George Lucas Educational Foundation
Teacher Leadership

How to Support Gifted Students in Your Classroom

Helping gifted students achieve their best.

Technically all students, according to developmental psychologists Abraham Maslow and Howard Gardener, are gifted at something. But within the realm of what happens in the classroom, a teacher can help those superstars shine even brighter by simply adding a few additional strategies to their teaching repertoire.

Super heroes see through walls, lift cars, jump high, and even fly. What amazing things can our students do? Are we helping them to see through the unimportant? Do we assist them in lifting their standards from the minimum to their maximum? Do we teach them how to jump over educational obstacles and hurdles? Do we show them how high their imaginations can fly?


In order to do this, we have to be observant enough to notice student potential in what ever form it is demonstrated. Teachers in general are aware that giftedness is not always found in the eager beavers of the class. Identifying the student gift for what it is takes a teacher that is not so concerned about controlling student behavior but rather is more concerned about channeling it.

A simple statement of fact, "Your ideas seem to flow easily from one to the next" will have a powerful effect on a student. Aiding a student to identify and recognize their academic gifts early on gives students the necessary resilience to persist in the difficult task of learning.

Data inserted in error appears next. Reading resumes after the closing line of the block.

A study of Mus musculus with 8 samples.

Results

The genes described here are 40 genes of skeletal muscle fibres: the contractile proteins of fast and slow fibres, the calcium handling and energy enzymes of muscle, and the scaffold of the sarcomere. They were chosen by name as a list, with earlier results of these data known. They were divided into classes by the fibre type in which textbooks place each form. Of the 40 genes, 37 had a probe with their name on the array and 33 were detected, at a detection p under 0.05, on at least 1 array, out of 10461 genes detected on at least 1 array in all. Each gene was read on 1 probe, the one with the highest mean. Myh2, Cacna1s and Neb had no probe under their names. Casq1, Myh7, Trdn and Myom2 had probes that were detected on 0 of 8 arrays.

Accepting that the student has a gift is somewhat more difficult. In this age of equality, teachers feel that praising a student above others is detrimental to the other students. This could not be further from the truth. Students have a need to exceed and innately understand that each exceeds differently. The detriment of this mentality is that the truly gifted students are shackled and not allowed to explore their gifts, or even worse, accept them.

A student who believes he has a gift will pursue it, regardless of whether he, in fact, has a gift. Gary A. Davis explains in his book, Gifted Children and Gifted Education: A Handbook for Teachers and Parents that teachers must engage gifted students at different levels according to their needs. This is often an ignored spectrum of differentiation.

Best Teacher for the Job?

Some teachers view gifted students as nuisances, while other teachers are intimidated by them. In truth, the effective instruction of gifted students requires a gifted teacher. This does not mean that the teacher has to be smarter, more talented or more able than the students. It means that the teacher must be able to teach in a gifted and intuitive manner.

Such a skilled teacher will help the student utilize his own giftedness and will channel resources and enhanced learning opportunities towards that student that will enlarge the student's natural gifts in ways that the students did not even realize existed. Such a teacher will push gifted students to higher personal standards rather than just giving them more work to do or forcing them to tutor other students who are less capable.

I thank the teachers I have had that were able to do that and gave me the resilience to keep going in school and my education. For example, I had a college teacher that noticed my writing ability and encouraged me to continue. Her simple statements are engraved in my memory and serve as a motivation even today.

How do you identify, recognize, accept and utilize giftedness in your classroom?